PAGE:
The former Invergowrie Lodge was constructed between 1861 and 1871 as a gatehouse to Sir James Palmer's Estate Burwood, later know as Invergowrie. The building was erected at a new entry to the estate formed after the excavation of Burwood Road following the construction of the Hawthorn Bridge in 1861. The building is constructed of thickly rendered bluestone and brick with a roof of scalloped slates, with carved bargeboards to the gables.
How is it significant?
The former Invergowrie Lodge is of historic and architectural significance to the State of Victoria
Why is it significant?
The former Invergowrie Lodge is of historic importance because of its association with Sir James Palmer and his Burwood estate. The former lodge is also historically important in illustrating the size of Palmer's original estate prior to its subdivision and creation of the St James Estate by the second owner of Burwood, the theatrical entrepreneur George Coppin. The former Invergowrie Lodge is architecturally important in exhibiting fine Gothic detailing to the roof and chimneys, and for its picturesque plan and form.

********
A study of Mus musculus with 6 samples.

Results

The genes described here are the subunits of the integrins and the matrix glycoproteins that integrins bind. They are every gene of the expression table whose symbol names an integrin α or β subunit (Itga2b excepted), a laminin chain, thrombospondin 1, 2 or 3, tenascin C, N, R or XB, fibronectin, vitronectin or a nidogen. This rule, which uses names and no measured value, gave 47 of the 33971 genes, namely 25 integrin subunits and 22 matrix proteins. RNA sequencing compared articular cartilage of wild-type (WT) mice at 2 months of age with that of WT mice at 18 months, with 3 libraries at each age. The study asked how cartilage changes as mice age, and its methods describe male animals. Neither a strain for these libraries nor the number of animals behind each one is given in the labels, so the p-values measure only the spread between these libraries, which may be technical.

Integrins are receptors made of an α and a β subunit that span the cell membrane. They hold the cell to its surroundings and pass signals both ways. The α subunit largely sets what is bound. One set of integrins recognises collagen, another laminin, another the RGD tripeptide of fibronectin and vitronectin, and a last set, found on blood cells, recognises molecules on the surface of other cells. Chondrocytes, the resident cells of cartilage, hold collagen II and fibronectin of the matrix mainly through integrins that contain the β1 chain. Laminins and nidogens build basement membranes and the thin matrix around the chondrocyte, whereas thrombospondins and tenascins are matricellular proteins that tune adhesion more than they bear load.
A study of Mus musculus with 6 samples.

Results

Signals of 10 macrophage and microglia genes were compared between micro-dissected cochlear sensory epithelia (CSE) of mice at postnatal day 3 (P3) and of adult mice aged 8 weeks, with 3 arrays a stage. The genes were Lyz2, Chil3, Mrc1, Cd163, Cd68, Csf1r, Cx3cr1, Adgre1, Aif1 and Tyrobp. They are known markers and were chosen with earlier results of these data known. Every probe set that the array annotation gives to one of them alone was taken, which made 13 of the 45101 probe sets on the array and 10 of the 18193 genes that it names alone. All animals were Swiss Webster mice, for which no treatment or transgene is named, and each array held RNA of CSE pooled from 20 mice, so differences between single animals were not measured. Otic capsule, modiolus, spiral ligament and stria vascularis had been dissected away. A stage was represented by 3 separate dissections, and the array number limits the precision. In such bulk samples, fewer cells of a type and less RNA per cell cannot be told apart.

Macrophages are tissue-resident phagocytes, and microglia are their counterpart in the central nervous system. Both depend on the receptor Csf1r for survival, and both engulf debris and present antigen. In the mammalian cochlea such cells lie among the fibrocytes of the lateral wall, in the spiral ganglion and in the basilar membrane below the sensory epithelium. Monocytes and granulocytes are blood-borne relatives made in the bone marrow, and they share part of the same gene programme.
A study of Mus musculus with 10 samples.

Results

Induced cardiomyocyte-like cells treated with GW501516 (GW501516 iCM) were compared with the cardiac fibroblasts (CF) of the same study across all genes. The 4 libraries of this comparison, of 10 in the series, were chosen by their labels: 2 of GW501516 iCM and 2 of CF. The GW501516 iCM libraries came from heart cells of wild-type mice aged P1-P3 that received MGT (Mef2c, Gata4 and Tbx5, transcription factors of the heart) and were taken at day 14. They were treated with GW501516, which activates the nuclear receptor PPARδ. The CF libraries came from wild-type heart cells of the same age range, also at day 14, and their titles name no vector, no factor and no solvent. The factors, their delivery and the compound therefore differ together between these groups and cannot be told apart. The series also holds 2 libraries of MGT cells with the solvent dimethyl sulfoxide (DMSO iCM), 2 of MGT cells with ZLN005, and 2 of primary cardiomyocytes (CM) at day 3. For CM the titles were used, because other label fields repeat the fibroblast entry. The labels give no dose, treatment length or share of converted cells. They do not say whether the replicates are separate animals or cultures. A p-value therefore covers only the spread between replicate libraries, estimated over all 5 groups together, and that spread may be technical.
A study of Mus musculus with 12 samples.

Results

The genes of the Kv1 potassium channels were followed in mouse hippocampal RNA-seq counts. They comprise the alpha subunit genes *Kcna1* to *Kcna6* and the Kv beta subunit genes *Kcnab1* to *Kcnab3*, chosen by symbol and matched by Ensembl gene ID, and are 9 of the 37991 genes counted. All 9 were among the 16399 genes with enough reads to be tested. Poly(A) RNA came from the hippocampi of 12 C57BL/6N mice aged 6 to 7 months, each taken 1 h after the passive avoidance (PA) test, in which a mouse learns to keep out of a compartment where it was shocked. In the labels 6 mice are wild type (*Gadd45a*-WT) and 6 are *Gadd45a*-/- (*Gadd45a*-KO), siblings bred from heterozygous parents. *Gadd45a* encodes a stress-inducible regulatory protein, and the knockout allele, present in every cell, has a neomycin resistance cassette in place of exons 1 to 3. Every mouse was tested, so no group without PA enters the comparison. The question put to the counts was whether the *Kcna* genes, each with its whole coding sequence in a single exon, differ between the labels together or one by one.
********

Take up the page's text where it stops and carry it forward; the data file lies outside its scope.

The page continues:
General Exemptions:General exemptions apply to all places and objects included in the Victorian Heritage Register (VHR). General exemptions have been designed to allow everyday activities, maintenance and changes to your property, which don’t harm its cultural heritage significance, to proceed without the need to obtain approvals under the Heritage Act 2017.Specific exemptions may also apply to your registered place or object. If applicable, these are listed below. Specific exemptions are tailored to the conservation and management needs of an individual registered place or object and set out works and activities that are exempt from the requirements of a permit. Specific exemptions prevail if they conflict with general exemptions. Find out more about heritage permit exemptions here.